January is the longest month of the year

So it’s the 9th of the month and already my bank account looks like it’s actually the 24th (i.e. the day before payday). I thought I was good with money!

Actually, I’m being a bit dramatic. I am good with money – good with the big stuff at least. I’m good at setting aside big chunks of it for retirement and paying off bonds in eight or nine years instead of twenty. I’ve always understood the raw yet subtle power of compound interest (thanks Dad) and so I’ve always acted accordingly. And in general that’s made my financial life calmer, saner and more predictable.

Where I really fall down is in the day to day stuff. I’m incorrigibly impulsive when it comes to small to medium purchases like daily coffees and sandwiches and weekly restaurant trips or takeaways.

As a result a lot of money that I could otherwise be saving or using for something more memorable (like a trip overseas) is gradually frittered away on fleeting comforts. An unpleasant side effect of this is that my credit card debt has slowly crept up from effectively nothing to very much something. Yuck.

It’s like I’ve built myself a nice, stable, well designed house in a good part of Money Town, but then I haven’t bother to clean it more than once a month, or to replace the ripped curtains. My financial bones are strong, but my money muscles are weak.

As such when December rolls around and I’ve got all this free time to wander around and get tempted by treats (both edible and wearable), my willpower is not exactly iron. I don’t regret these treats, and I’m not expecting (or even wanting) to give them up completely. But I know I can do a lot better.

And so I’m setting myself a challenge. As of tomorrow, I’m keeping a daily spending diary for the next 14 days. Every evening I’m going to look at it and internalise how much I’ve spent and where I’ve spent it. I’m then going to give myself a rating out of five for three measures:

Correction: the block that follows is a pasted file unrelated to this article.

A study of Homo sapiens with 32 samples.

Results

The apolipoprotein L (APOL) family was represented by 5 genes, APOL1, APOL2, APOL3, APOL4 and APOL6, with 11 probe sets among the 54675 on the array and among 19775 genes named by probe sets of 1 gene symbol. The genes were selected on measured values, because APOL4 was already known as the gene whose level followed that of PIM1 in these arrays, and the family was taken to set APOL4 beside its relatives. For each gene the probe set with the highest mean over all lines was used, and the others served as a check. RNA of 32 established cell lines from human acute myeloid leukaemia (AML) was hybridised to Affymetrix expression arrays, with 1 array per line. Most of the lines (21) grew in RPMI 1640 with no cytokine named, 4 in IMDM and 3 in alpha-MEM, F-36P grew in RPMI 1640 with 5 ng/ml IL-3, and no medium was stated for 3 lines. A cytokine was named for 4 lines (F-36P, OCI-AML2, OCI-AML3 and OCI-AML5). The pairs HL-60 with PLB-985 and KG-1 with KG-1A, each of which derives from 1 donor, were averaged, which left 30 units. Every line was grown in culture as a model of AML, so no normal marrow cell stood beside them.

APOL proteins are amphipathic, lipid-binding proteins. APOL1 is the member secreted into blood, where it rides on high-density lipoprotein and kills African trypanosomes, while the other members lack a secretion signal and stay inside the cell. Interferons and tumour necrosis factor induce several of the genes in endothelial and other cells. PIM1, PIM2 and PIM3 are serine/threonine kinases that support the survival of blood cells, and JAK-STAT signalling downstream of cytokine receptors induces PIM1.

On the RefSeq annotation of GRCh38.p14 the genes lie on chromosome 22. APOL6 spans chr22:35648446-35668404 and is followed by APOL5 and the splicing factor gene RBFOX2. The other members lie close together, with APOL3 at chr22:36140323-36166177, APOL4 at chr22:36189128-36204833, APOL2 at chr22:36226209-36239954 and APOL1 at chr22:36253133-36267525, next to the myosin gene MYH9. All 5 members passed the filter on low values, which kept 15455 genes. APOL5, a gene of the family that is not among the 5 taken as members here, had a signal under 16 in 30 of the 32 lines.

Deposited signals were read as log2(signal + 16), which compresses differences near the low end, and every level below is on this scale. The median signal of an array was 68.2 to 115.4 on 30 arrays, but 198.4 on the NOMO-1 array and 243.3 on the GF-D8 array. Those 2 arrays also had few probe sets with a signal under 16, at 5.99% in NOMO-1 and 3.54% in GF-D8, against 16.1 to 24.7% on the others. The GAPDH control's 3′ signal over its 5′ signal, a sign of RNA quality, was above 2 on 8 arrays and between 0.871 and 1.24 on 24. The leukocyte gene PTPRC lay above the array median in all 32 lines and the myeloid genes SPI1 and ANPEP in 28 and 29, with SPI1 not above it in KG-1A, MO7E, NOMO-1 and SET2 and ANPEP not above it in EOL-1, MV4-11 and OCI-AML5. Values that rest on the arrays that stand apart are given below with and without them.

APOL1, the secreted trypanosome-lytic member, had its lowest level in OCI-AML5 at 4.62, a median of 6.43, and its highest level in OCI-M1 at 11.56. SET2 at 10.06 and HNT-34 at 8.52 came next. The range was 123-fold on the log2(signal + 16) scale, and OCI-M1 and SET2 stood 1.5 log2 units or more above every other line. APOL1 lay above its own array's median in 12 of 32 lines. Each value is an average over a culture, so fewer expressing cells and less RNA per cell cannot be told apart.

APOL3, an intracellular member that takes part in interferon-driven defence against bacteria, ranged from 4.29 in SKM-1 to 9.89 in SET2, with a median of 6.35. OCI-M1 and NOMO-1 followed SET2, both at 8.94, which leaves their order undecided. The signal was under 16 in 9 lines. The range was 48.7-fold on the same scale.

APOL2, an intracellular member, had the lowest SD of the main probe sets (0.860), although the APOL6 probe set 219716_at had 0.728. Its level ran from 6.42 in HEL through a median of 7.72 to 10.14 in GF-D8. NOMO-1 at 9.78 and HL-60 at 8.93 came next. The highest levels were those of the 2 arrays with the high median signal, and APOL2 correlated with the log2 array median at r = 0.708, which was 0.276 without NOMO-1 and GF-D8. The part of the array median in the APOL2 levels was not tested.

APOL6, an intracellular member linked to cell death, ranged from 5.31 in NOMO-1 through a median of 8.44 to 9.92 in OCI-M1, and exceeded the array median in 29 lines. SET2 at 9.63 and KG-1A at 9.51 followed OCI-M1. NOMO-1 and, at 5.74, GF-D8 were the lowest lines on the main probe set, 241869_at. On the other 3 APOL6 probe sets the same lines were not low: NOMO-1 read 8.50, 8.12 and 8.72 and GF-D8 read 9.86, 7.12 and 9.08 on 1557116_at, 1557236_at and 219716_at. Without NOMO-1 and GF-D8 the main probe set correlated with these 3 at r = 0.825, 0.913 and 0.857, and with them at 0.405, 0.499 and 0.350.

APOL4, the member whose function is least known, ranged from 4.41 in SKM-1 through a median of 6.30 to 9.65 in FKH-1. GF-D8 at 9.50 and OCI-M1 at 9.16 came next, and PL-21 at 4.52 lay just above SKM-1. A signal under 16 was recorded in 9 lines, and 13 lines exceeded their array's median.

• Planning (i.e. I planned and expected to spend this money)
  • Mindfulness (i.e. I didn’t just spend without first thinking about the consequences)
  • Enjoyment (Money is just a tool for living – it’s not an end in itself)

My aim is to average above 3.5 (because 70% is a first class pass), but we’ll see how I go. Right now Enjoyment is sitting at a 5 most days, so that’s definitely going to have to come down a bit.

This challenge would have been a huge pain in the arse ten years ago. I would be carting around grubby slips of paper and downloading statements from my bank in horrible formats (password protected PDFs anyone?). But luckily for me technology has come to my rescue.

Instead of hours of manual work, I can just log into my 22Seven account. Because it automagically pulls in data from all my bank and investment accounts, I can just log in and see a summary of everything I’ve done that done. I don’t even need to open my laptop – the mobile app has everything I need to check my progress while lounging on the couch or running on the treadmill (hopefully more of the latter than the former).

I’ll be posting again tomorrow afternoon with the results of my first day. It’s really more for me than any of you folks, but hopefully some of you will be interested in following my little foray into financial weight loss. I’m aiming to have my bank accounts bikini ready by July this year. Then we can go to Europe together and enjoy the sun.

FULL DISCLOSURE: I work for Publicis Machine, 22seven’s advertising agency. That said, I was using and writing about 22seven long before I moved here.